MacAlly Portable Bluetooth Optical Mouse
I have mixed feelings regarding Bluetooth (BT), based on varying rates of success with devices that use this new wireless technology. But when BT works correctly, the results are impressive, although sometimes requiring a bit of fiddling.
Such is the case with MacAlly’s attractive, versatile Portable Bluetooth Optical Mouse (PBOM). You should use rechargeable AAA batteries, like the pair that is included in the package (or throwaway non-rechargeables when charging is not an option). Then you need to recharge PBOM in its custom cradle for several hours until its green light goes away. Then you have to use OS X’s BT Setup Assistant to get the mouse to communicate with your Macintosh, and press a little button on the bottom of PBOM to activate the connection. Fortunately, everything works as advertised, and, battery-charging time aside; the process is straightforward, if not intuitive.
Bonus: several pairs of AAA rechargeables can be handy in briefcase or backpack, thanks to MacAlly’s included charging cradle.
Note: each time a Bluetooth mouse kicks into gear following sleep or restart, it’s normal to experience a one-second delay from initial mouse movement to screen cursor action.
My heavyweight G5 doesn’t have a built-in BT module, so MacAlly provided an external USB Bluetooth Adapter (UBA), which is available for $39 at http://www.macally.com/spec/usb/input_device/btsync.html. Good news: ignore the included CD that is in the UBA package, because OS X Panther activates BT simply upon insertion of this adapter into your Mac’s USB port or powered USB hub.
Speaking of packaging, here is an observation, not a complaint. MacAlly, in their retail wisdom, chooses to encase both mouse and adapter in nearly bulletproof plastic. The overkill factor is not the worst I’ve encountered, but it’s a close second. Can package designers contend with possible theft without having to drain the Alaska Wildlife Refuge or the nation of Quatar of their remaining precious few zillion barrels of crude oil?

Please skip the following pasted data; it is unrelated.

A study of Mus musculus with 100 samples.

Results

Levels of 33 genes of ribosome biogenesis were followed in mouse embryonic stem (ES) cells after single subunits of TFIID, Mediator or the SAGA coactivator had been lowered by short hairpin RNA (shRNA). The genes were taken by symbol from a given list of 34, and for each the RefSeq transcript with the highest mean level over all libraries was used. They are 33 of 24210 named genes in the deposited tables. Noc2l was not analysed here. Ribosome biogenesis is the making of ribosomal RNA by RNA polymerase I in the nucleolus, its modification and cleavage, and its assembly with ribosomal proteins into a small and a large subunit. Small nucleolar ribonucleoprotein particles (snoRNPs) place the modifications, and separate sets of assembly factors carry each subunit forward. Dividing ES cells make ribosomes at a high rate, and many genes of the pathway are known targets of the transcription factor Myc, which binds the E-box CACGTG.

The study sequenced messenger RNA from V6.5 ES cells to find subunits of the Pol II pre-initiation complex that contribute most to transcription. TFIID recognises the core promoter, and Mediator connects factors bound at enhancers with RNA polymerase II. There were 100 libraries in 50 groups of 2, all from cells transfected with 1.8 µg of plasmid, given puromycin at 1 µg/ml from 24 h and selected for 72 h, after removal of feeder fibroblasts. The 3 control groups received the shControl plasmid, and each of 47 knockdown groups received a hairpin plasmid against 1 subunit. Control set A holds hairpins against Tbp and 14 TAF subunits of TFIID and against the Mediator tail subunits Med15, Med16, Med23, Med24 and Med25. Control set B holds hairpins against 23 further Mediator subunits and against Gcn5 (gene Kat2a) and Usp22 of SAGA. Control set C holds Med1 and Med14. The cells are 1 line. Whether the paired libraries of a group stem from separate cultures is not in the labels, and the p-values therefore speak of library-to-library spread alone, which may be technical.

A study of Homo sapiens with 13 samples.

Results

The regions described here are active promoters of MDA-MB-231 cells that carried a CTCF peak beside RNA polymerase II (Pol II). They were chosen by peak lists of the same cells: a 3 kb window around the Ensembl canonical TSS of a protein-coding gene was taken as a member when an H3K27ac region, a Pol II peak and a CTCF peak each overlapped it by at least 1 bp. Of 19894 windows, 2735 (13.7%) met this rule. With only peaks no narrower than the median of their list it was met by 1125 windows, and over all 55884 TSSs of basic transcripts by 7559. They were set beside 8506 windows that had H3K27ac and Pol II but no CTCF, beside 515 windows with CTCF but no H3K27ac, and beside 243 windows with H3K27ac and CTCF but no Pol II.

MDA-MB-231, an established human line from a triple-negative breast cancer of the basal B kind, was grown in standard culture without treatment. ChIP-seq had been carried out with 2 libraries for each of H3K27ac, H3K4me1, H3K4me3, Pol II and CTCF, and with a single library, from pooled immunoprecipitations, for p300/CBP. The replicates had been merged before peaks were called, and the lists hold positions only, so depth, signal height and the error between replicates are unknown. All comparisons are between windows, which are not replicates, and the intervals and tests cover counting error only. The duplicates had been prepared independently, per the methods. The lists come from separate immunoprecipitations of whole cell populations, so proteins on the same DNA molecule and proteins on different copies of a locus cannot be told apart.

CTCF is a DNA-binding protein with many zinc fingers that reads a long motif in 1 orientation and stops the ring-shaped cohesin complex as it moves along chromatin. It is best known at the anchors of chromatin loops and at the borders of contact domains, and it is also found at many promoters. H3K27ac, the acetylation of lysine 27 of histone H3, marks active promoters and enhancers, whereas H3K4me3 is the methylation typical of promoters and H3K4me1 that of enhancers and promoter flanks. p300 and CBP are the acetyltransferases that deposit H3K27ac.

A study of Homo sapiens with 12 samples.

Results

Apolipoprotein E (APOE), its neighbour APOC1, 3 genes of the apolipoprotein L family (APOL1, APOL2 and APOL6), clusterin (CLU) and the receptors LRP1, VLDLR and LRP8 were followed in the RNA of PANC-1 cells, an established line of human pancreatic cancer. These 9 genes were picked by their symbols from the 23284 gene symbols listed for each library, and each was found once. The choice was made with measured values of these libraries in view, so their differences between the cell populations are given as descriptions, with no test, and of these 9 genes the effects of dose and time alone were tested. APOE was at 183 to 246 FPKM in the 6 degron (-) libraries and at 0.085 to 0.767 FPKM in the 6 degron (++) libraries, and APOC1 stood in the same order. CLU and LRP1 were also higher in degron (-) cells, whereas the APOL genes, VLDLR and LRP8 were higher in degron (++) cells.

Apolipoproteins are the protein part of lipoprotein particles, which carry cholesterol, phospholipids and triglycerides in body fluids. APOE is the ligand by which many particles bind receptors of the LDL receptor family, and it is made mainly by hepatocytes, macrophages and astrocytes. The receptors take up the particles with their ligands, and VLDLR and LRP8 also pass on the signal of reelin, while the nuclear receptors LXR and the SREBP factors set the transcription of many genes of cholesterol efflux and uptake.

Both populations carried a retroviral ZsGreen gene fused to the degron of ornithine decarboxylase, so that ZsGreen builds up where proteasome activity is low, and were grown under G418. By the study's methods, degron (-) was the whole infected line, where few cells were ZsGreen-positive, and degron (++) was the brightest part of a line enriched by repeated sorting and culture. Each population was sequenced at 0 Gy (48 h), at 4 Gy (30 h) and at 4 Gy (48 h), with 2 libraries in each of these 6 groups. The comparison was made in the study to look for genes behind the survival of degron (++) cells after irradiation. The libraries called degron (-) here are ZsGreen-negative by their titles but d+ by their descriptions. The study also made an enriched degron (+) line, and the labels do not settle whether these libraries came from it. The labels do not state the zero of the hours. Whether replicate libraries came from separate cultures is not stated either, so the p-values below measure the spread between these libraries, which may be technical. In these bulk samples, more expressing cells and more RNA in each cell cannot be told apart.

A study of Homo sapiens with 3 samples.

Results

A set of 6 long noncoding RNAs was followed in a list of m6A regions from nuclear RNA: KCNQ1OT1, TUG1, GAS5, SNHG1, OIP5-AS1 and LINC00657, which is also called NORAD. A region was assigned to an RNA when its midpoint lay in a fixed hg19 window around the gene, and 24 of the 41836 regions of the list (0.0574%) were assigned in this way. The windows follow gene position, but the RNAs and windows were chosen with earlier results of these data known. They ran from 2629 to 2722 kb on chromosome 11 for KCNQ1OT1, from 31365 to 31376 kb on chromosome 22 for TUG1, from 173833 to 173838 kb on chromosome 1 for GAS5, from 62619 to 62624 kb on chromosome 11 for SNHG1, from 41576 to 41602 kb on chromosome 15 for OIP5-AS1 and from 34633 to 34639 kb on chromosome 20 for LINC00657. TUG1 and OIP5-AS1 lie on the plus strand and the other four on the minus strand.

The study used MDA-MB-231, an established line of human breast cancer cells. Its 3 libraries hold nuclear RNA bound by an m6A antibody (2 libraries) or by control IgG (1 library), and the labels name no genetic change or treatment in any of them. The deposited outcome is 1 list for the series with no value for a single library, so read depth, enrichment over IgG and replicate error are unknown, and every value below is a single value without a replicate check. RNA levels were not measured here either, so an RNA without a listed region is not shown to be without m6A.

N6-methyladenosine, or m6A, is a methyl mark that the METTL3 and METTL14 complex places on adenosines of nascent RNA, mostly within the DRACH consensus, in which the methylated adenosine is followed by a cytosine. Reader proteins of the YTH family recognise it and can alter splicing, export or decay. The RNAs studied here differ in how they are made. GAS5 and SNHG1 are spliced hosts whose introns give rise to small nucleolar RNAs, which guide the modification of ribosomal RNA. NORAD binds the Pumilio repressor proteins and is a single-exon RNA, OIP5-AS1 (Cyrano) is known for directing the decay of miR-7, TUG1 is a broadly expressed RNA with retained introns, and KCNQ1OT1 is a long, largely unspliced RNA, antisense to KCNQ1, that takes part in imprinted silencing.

With adapter plugged in and charged mouse operative, I’m using PBOM exclusively during this evaluation period. Compared to my G5’s basic white Apple mouse, tracking is a bit less smooth, but just as accurate. The more I use PBOM the more accustomed to it I am, so that after a few hours I’m not conscious of any deviation from the norm.
Being a full-sized mouse person, PBOM’s compact size (approximately 2/3) is not my first choice, but it will come in handy when traveling or tutoring a person with a more petite hand than mine. Children and people with smaller hands will probably think this mouse is just right, without any hesitation.
MacAlly’s three-year warranty is generous, and the $50 price tag is consistent with other comparable products. The UBA costs an additional $40, and must be ordered separately when computers don’t already have BT capability.
This is a two-button mouse plus scroll-wheel, adding enhanced function to ordinary mousing. Once you get into the right-click and/or finger-scroll habit, you’ll be hooked, I predict. PBOM has cushioned pads on either side, for extra comfort. Altogether, it’s a well-engineered, full-service portable USB wireless mouse that will provide years of service under ordinary conditions. Whether PBOM is “the ultimate mouse for working professional” is to be determined after I take it on the road for a month, so please check back with me in May if you want an update.
I’m very happy (size notwithstanding) with competitor Iogear’s pre-Bluetooth USB Portable Mini Mouse, and I see Iogear now has a BT equivalent. If size matters (it does), will I switch over to MacAlly’s larger portable mouse on my workhorse iBook, leaving my year-old loyal Iogear mouse lonesome in my backpack? We’ll see, won’t we! (Be aware that wireless USB mice typically work immediately with both Mac OS 9.x and 10.x, and often with Windows XP, without any installed software — Bluetooth is non-functional in OS 9.)
Bluetooth has a distance advantage over portable USB devices, and PBOM does its magic from across the room. Additionally, only one built-in or accessory BT module is required to communicate with multiple BT devices, unlike USB wireless peripherals that usually each come with a unique transceiver. If this feature or any of the others mentioned above are important, you’ll agree with our favorable rating of 4 out of 5.